Rudolf Steiner begins by outlining the gradual development of the child with the help of spiritual forces and enlightened educational practices, which form the basis for Steiner's approach to education. He describes the problems that modern educators face and provides practical solutions. Steiner explains the effects of morality on real freedom and how the development of a child's will leads to a free, flexible ability to think. He describes the life-long effects that teachers have on children through the ways they teach in the early grades.
The subjects of these lectures cover a broad range, from the threefold nature of the human being to the teacher's responsibility toward their students' future; from arts such as music and eurythmy to the problems involved in training teachers; from zoology and botany to language, geography, and history.
Like many of Steiner's lectures to public audiences, these are accessible and practical and provide a real overview to his ideas for renewing modern education.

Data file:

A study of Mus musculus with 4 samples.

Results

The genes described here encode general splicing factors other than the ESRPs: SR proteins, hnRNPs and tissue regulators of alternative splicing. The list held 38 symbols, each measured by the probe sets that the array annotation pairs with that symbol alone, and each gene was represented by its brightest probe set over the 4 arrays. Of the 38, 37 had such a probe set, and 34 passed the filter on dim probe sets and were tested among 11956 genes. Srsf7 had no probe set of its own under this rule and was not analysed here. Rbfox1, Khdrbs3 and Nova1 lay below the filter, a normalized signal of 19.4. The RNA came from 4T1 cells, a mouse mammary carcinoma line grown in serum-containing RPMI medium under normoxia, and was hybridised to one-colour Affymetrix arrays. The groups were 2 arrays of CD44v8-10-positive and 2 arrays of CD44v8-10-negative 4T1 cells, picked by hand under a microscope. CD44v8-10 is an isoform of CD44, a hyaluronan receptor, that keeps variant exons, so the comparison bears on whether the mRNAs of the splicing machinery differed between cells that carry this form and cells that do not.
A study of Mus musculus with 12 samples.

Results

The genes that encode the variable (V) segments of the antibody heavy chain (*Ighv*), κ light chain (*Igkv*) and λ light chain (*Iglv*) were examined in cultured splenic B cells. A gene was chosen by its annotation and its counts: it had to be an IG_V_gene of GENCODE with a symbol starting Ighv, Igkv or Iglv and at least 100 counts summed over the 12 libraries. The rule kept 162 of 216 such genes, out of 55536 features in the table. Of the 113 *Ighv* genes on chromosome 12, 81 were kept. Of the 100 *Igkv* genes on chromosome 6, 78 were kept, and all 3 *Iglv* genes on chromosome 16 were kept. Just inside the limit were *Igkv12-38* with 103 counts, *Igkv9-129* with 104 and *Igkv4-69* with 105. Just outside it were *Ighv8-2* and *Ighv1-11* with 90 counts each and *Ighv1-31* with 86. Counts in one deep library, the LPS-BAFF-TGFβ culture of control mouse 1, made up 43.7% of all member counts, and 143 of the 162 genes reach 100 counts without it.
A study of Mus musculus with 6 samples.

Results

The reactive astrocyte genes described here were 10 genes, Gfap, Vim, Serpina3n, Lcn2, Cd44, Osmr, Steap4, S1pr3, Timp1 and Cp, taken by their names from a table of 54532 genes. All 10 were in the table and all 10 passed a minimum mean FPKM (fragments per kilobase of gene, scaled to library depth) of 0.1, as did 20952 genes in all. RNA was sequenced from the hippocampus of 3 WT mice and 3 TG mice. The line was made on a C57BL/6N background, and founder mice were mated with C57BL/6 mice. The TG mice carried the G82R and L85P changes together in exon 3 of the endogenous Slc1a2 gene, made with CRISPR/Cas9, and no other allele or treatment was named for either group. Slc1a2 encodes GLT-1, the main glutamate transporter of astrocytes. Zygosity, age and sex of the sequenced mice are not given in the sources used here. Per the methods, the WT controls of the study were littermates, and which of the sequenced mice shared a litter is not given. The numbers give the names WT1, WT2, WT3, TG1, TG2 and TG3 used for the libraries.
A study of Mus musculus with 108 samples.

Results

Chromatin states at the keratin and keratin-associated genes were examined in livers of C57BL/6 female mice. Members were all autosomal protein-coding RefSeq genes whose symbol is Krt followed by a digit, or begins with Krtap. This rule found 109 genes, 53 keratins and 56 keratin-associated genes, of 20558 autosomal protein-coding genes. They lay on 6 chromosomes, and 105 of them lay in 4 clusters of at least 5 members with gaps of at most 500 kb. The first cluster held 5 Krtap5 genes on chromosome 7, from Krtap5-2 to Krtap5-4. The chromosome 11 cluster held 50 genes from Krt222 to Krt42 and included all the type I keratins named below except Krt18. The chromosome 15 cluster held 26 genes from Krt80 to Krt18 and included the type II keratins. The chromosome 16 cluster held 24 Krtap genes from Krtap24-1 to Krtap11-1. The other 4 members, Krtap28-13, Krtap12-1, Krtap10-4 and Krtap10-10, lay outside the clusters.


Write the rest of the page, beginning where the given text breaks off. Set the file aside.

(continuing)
About the Author:
Rudolf Steiner (1861-1925) became a respected and well-published scientific, literary, and philosophical scholar, particularly known for his work on Goethe's scientific writings. At the beginning of the twentieth century, he began to develop his earlier philosophical principles into an approach to methodical research of psychological and spiritual phenomena. His multifaceted genius has led to innovative and holistic approaches in medicine, philosophy, religion, education (Waldorf schools), special education (the Camphill movement), economics, agriculture (biodynamics), science, architecture, and the arts (drama, speech and eurythmy). In 1924 he founded the General Anthroposophical Society, which has branches throughout the world.